All of England had been captivated at the prospect of being crowned European soccer champions for the first time, and the national team’s wrenching defeat on Sunday tore a collective wound — in more ways than one.
Marcus Rashford, Jadon Sancho, and Bukayo Saka were among the five England players who braved the pressures of the penalty shootout at the end of the championship. But they all missed the mark, unleashing a surge of racist abuse on social media against the players, all of whom are young Black men.
In the early hours of Monday, Manchester police were called to Withington, in the south of the city, where Mr. Rashford was born, after receiving reports that racist graffiti had been scrawled on a monochrome mural of the soccer star.
The vision of a multiracial, multiethnic Britain that the England team came to symbolize as it fought its way to the final, emphasized by its stance on antiracism with players taking a knee before each game, appeared to vanish.
But as news of the vandalism spread, one act of racism was met with hundreds of messages of pride and love.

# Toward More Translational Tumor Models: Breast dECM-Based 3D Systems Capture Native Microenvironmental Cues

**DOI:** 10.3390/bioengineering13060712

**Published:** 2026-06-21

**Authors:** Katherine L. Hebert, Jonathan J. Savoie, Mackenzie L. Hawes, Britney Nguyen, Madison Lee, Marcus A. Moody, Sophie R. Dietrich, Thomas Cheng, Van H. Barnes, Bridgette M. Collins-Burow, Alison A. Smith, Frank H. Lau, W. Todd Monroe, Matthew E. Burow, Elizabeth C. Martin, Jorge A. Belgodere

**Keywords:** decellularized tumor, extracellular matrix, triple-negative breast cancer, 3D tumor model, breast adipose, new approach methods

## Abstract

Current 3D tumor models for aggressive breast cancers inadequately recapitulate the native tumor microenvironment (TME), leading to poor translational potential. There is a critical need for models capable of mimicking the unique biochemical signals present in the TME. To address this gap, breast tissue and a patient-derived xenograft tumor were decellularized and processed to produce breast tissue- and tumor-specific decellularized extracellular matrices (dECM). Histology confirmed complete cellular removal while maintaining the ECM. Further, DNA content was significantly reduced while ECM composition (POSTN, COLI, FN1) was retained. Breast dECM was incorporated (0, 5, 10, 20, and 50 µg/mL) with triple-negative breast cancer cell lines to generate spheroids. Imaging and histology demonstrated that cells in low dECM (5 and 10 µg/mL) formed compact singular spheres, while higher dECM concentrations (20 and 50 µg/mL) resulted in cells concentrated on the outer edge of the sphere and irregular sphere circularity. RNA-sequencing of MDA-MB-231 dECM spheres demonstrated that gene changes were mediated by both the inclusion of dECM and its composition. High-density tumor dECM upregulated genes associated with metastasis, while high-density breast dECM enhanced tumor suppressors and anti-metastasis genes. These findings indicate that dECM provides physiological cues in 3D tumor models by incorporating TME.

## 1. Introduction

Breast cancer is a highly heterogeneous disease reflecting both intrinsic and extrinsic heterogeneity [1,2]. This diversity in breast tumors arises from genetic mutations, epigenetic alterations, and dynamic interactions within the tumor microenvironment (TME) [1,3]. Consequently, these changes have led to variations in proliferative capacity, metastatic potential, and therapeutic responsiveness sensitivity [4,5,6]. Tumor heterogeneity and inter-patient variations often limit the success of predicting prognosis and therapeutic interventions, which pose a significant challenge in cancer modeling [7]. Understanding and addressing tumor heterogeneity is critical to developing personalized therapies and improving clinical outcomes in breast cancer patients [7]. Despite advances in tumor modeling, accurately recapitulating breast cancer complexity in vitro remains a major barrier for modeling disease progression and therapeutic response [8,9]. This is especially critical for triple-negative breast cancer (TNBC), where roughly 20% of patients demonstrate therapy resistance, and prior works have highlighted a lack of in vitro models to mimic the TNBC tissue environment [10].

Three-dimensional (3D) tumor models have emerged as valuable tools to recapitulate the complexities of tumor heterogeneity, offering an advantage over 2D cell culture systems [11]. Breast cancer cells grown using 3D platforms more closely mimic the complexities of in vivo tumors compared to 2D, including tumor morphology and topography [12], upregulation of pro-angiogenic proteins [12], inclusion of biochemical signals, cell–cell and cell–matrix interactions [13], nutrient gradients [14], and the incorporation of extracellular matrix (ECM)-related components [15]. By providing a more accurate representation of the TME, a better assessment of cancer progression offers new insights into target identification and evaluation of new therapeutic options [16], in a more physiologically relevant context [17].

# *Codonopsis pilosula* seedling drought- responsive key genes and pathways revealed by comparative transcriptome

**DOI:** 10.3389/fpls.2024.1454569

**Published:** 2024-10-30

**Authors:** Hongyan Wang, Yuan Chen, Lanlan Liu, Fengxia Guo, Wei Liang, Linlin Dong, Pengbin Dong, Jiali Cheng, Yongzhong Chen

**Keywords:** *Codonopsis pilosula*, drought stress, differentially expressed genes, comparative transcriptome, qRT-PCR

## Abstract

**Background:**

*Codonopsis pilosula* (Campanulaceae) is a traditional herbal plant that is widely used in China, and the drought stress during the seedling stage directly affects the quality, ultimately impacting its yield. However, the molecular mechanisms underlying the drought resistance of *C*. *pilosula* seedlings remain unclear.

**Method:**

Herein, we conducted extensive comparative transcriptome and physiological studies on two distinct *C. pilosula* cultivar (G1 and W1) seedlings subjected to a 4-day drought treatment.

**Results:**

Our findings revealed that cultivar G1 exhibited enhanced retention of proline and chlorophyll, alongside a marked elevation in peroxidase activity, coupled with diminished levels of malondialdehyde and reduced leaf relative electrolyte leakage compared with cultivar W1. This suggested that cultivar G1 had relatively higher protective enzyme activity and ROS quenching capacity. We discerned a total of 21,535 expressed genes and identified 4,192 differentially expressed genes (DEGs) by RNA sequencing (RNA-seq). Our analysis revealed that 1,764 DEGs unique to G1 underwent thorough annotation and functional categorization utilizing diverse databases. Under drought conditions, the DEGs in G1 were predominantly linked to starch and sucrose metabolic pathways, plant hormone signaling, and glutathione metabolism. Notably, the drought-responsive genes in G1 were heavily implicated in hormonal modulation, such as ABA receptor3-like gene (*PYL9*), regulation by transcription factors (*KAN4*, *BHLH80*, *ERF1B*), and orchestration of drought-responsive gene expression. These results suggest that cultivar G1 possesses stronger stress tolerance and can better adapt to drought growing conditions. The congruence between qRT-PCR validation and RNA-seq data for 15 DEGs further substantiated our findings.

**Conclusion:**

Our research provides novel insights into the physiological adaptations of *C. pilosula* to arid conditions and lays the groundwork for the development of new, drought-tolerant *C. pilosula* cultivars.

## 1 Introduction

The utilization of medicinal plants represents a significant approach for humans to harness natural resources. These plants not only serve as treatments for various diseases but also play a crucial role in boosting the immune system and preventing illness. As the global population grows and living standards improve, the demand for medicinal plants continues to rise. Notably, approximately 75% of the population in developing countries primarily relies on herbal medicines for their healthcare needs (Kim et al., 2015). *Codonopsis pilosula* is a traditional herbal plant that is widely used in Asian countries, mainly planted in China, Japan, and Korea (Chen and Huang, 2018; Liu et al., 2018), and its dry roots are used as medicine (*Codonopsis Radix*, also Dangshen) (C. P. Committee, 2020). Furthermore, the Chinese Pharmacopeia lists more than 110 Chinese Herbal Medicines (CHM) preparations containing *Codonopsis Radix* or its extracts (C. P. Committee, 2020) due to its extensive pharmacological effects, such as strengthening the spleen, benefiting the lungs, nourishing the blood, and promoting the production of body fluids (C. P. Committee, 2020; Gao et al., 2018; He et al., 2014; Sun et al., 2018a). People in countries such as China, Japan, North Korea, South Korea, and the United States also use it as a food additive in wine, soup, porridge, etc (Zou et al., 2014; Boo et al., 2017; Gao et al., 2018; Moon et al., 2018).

Within hours, a collage of hearts, England flags and letters, addressed to Rashford from local fans of every age and color, covered the black sheets of paper that had been used to cover the graffiti. One note read, “My Prime Minister” and “heart of the nation,” while another said, “son of Manchester.”
Akse P19, the local street artist who created the mural, soon repaired the parts destroyed by the vandalism.
Israel Powell, 8, came to the mural accompanied by his father, Tru, 36, who brought his son to see how much his favorite soccer star, once a Black boy from Manchester like Israel himself, was revered by so many, and to post a letter on the wall.
“The racist abuse made me really sad,” Israel said. “Dear Saka, Sancho and Rashford, I like you because you did the best you could do. It’s OK if you didn’t score, I’m still proud of you,” he said, recalling what he wrote in his letter.
Hazel Roy felt compelled to show her solidarity for Mr. Rashford on Tuesday, despite it being her 75th birthday. “I was appalled when I heard that the mural had been defaced,” she said. But, she added, “I was so heartened to hear many people had come to offer their support for him, because I think what he’s done is magnificent.”